Billie Eilish’s debut album “WHEN WE ALL FALL ASLEEP, WHERE DO WE GO?” solidifies her up-and-coming status as a pop superstar. The long-awaited album follows Eilish’s intermittent releases of her 2017 debut EP, “dont smile at me,” and a series of singles. The release garnered much intrigue, with both fans and press clamoring to hear what direction her debut album would take. In her first album, Eilish shares an uncompromising, dark aesthetic that tests the limits of pop music, even when the album’s individual songs occasionally fail to harmonize with each other.
Eilish has made streaming history, with the third-largest streaming week ever for an album by a woman. She is also the youngest woman to have a No. 1 album on the Billboard 200 chart since 2009. Eilish rose to fame after the runaway success of her first single, “Ocean Eyes,” and continued to release songs on her Soundcloud account until getting picked up by Interscope records. After joining the Los Angeles Children’s Choir at age 8, Eilish began to tap into her creativity and honed her own vocal skills to eventually apply them to her own songs.
Eilish, 17, worked together with her 21-year-old brother Finneas O’Connell to write, record and produce the album in a studio in their Los Angeles family home. The intimacy of this setting parallels that of the music; Eilish is candid and refreshingly self-aware in “WHEN WE ALL FALL ASLEEP, WHERE DO WE GO?” Though she has reached a level of fame that few artists achieve so young and so quickly, Eilish feels a genuine connection with her fans, especially the significant portion who near her in age.
The album opens with “!!!!!!!,” in which Eilish declares that she has removed her Invisalign and announces, “This is the album,” before collapsing into laughter with O’Connell. This moment reminds listeners that although the album is expertly crafted, its creators do not take themselves too seriously.
Listeners get this same impression in “my strange addiction,” in which Eilish interweaves soundbites from an episode of “The Office.” Though Eilish takes a lighthearted approach that appears periodically throughout the album, the same cannot be said for the rest of the album.
Eilish, perhaps emboldened by her youth, tackles risky and at times controversial themes. In “xanny,” Eilish’s voice is warped by the distorted beat as she bemoans drug abuse. In “wish you were gay,” Eilish sings “I can’t tell you how much I wish I didn’t wanna say / I just kinda wish you were gay,” lyrics which were met with substantial backlash on the Internet. Eilish defended the song, arguing that the lyrics were misinterpreted and the song was meant to be a joke.
The songs are as sonically diverse as they are thematically diverse. In “8,” Eilish sings over a ukulele as she steps into the shoes of somebody she hurt. Similarly, Eilish takes on another’s perspective in “bury a friend,” which is written from the viewpoint of the monster under her bed. Whereas “8” is soft and gloomy, Eilish sings frantically in “bury a friend” over a pounding beat. In both, she transcends the limitations of her identity and tells stories that she could not write by relying solely on her own experiences.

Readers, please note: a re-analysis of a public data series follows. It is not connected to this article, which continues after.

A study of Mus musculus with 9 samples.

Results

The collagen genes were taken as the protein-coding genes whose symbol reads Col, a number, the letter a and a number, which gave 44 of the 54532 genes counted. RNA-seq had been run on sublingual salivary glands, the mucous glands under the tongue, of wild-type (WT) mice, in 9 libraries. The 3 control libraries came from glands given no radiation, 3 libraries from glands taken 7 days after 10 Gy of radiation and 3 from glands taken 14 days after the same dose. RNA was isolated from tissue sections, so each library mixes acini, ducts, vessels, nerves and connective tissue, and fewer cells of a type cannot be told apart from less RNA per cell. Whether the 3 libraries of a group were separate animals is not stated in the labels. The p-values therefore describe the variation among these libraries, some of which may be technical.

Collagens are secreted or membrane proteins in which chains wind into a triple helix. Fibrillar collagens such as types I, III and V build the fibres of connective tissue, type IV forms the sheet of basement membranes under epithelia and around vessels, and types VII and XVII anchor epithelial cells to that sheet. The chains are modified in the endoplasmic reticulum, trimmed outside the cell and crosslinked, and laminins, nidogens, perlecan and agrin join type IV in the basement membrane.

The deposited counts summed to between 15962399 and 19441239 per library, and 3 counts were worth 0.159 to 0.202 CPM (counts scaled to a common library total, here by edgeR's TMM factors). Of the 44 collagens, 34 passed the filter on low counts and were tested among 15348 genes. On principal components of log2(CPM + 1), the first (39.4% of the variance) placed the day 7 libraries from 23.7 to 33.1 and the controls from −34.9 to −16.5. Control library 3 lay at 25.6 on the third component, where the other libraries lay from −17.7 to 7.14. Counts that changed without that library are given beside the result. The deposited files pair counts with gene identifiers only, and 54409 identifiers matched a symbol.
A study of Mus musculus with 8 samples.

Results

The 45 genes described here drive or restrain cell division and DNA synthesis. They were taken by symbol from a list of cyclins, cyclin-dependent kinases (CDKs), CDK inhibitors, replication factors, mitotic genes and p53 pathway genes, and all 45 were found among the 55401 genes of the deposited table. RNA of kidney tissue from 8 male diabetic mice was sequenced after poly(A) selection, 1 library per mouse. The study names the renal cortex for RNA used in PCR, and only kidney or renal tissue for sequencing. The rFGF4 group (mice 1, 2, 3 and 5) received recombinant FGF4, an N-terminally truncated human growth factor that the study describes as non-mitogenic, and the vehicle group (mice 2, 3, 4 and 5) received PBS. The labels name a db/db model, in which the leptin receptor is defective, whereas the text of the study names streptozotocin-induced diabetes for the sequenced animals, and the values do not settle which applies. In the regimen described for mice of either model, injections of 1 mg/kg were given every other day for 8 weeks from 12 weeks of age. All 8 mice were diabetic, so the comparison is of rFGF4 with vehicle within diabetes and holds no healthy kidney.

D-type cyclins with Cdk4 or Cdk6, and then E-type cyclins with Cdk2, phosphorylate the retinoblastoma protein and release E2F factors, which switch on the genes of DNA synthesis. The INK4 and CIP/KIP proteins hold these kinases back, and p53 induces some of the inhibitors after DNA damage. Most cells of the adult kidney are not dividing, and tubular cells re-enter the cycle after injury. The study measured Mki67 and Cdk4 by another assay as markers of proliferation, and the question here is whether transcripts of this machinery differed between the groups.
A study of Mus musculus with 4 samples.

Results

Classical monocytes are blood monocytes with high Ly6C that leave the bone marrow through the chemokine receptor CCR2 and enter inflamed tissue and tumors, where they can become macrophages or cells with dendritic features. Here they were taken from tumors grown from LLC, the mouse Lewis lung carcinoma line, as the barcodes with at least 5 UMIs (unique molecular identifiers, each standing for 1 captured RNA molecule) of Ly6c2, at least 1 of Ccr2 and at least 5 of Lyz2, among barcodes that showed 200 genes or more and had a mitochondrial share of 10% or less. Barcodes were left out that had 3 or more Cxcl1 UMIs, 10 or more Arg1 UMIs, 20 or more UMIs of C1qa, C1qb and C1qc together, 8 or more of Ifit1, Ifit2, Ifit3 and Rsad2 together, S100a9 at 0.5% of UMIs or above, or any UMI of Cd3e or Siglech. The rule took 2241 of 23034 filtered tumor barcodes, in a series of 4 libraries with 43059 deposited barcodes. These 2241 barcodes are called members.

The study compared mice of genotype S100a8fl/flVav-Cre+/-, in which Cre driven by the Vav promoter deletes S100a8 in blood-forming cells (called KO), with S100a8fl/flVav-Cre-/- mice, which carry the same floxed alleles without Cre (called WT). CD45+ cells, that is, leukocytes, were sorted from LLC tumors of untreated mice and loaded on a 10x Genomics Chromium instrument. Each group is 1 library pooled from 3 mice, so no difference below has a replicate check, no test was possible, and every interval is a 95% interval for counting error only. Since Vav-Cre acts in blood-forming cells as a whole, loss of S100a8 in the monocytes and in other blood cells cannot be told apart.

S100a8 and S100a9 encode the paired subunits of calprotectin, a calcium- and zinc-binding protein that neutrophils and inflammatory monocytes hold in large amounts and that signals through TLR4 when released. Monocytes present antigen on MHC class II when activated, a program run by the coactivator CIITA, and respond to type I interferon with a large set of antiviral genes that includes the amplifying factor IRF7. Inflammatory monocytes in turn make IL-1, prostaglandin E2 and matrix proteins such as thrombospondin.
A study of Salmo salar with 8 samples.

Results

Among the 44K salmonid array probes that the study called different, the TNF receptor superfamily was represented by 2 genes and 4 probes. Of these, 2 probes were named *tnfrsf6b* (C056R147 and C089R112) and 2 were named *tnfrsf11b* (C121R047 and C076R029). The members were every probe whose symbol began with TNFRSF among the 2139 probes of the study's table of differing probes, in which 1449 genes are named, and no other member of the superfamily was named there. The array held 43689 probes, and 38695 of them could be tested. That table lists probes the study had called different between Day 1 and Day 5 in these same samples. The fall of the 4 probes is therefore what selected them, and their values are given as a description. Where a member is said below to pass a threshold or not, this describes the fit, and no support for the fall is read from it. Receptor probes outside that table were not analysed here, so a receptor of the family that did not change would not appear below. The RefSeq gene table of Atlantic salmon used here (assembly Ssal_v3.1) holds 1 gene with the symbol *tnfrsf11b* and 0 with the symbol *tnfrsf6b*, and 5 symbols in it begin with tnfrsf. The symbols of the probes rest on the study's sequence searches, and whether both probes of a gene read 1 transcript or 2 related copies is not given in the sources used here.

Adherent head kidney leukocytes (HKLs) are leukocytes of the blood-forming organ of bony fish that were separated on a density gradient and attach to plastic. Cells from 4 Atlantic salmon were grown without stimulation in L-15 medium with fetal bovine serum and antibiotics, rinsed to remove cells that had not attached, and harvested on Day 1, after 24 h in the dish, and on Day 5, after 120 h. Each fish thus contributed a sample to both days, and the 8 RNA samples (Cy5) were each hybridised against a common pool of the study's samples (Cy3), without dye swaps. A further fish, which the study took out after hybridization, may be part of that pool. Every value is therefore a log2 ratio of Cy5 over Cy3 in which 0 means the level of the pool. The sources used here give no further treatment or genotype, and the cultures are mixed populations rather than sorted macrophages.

The track “bad guy” presents the most traditionally pop song from the album. The song is upbeat, playful and rhythmic, but its lyrics are hardly safe. Eilish sings about being “the bad guy,” asserting that she is the type to “make your mama sad,” “make your girlfriend mad” and “seduce your dad.” Eilish embraces a mischievous persona that allows her to explore darker themes than the music industry allows most 17-year-old pop stars to explore.
After a series of macabre songs, in which Eilish sings about burying friends — “ilomilo” and “bury a friend” to name a few — the album ends on a melancholy note. The final trio of songs, “listen before I go,” “i love you” and “goodbye” is a nod to the gloomy tracks in “dont smile at me.” While Eilish’s vocals are overpowered by the heavy bass of earlier songs in the album, these songs truly do her vocals justice. Her eerily soft voice is highlighted by the minimalist production.
In “goodbye,” the final track of the album, Eilish offers a final walkthrough of her debut by combining lyrics from each of the previous songs in the reverse order of how they appear in the tracklist. With this, Eilish is able to tie up some of the album’s loose ends.
Some abrupt transitions and varied subject matter make the album feel quite disjointed; despite these inconsistencies, Eilish remains unabashedly authentic and sincere in each track. Hardly one to follow trends, Eilish sings about what she is feeling with little regard to how her music might be interpreted or formed into a more cohesive work as a whole.
Although hindered by its inability to stick with one sound, the album is tied together by its resounding darkness. Eilish stated that she got inspiration for the album from her regular night terrors and lucid dreams. The cover of the album reflects this, with Eilish sitting on an unmade bed with her eyes rolled back in her head.
Though some songs fall short and the album lacks cohesiveness, “WHEN WE ALL FALL ASLEEP, WHERE DO WE GO?” offers a clear image of Eilish’s macabre vision for the future of pop music. Most of the risks that Eilish took pay off, and the wins of the album far exceed the losses. Though classified as a pop singer, Eilish proved with this album that she is a far cry from the archetypal, cookie-cutter teen popstar and will prioritize her vision over any industry standard.